RIAA vs XM Lawsuit: Judge Rules in Favor of Record Companies

Friday, January 19, 2007 at 12:54 PM
Tags: 2, XM

Inno HelixIn the lawsuit brought on by the RIAA vs XM Satellite Radio against their XM+MP3 devices, U.S. District Judge Deborah A. Batts has ruled that the suit can go to trial, finding merit the RIAA's claims.

XM argued that the XM+MP3 devices (i.e, the Inno, Helix, and Nexus) are protected by the Audio Home Recording Act of 1992, which permits individuals to record music off the radio for private use. The judge said she did not believe XM was protected in this instance by the act.

The judge also said that XM operates like traditional radio broadcaster, but by broadcasting and storing copyrighted music for later recording by the consumer, the judge said XM is both a broadcaster and a distributor, but is only paying to be a broadcaster. This is a fundamentally incorrect statement. XM and Sirius do not pay the same broadcaster fees as a "traditional radio broadcaster" does (terrestrial radio in fact does not pay a single dime to the record companies)..

Batts also felt that the comparison of the XM+MP3 player and a cassette recorder is unfounded: "It is manifestly apparent that the use of a radio-cassette player to record songs played over free radio does not threaten the market for copyrighted works as does the use of a recorder which stores songs from private radio broadcasts on a subscription fee basis," she said.

So apparently the difference is that recording songs over free radio is OK, but recording songs over subscription radio is not.

XM issued this statement:

"At this stage of the proceeding, the court's ruling is required to be based on the false characterizations set forth in the plaintiffs' complaint. The real facts strongly support our view that the lawsuit is barred by the Audio Home Recording Act. We look forward to making our case in court."

Thanks to Jeff & Ian! 



worst case XM does not win and goes under cause of the cost of the infringment.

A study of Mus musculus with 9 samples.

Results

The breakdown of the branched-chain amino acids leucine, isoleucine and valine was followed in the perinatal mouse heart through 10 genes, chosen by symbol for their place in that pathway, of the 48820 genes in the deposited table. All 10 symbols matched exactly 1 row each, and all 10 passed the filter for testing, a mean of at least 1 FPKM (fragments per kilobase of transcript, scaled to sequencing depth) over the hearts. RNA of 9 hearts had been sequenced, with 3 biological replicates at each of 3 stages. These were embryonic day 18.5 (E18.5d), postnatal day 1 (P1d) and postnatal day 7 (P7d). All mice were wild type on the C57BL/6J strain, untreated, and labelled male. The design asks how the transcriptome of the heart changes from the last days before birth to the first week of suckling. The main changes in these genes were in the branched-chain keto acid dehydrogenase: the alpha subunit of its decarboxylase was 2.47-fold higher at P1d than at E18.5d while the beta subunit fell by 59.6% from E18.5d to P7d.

(not likely)
This is not likely cause XM offers them all the same compensation that Sirius did and this proposal was refused.

Best case is not best cause the best case would be XM wins. If anyone out there thinks that HD radios will not have this feature soon. Go back under your rock. There is already a device out that records off FM. Not much of a leap here. what about a HD broadcast and a DVD recorder then set on Random. No Different. Difference is that tech has gotten better, smaller and cheaper.

What I think will happen.... XM will be forced to pay the exact same rates as Sirius.

But all the above is base on a fair unbiased world free of coruption and bribes.

I believe that XM will win in the end, but that will only stand until the RIAA gets their new law enacted to force anyone who has ever heard music to buy them a new car. On a side note, You have to love the lawyer speech that basically says, "You a F'ing liar".

I predict that Panero will sell 5 million bucks worth of stock 2 days before the verdict which XM will lose.

Then He can get sued again in another class action suit and go double-or-Nothing with his XM ( paid ) attorneys.

What a putz.

Fire him Gary.

Way to want XM to lose the suit. The ability to record individual songs is what sets the Inno so far apart from the block recording capabilities of the Stiletto. This is a lawsuit Sirius should be all over so they can offer their customers the same functionallity in their devices. Pockpie, you are a dipshit.

PFreak, I can record individual songs on my Stiletto, and so can my dad, why can't you?

What you can't do is record say 12 hours of a station and then go through what you recorded and delete any unwanted songs. You can only block record. Huge difference. The Siletto forces you to fill up the memory with stuff you don't want with no way to delete it without losing other content.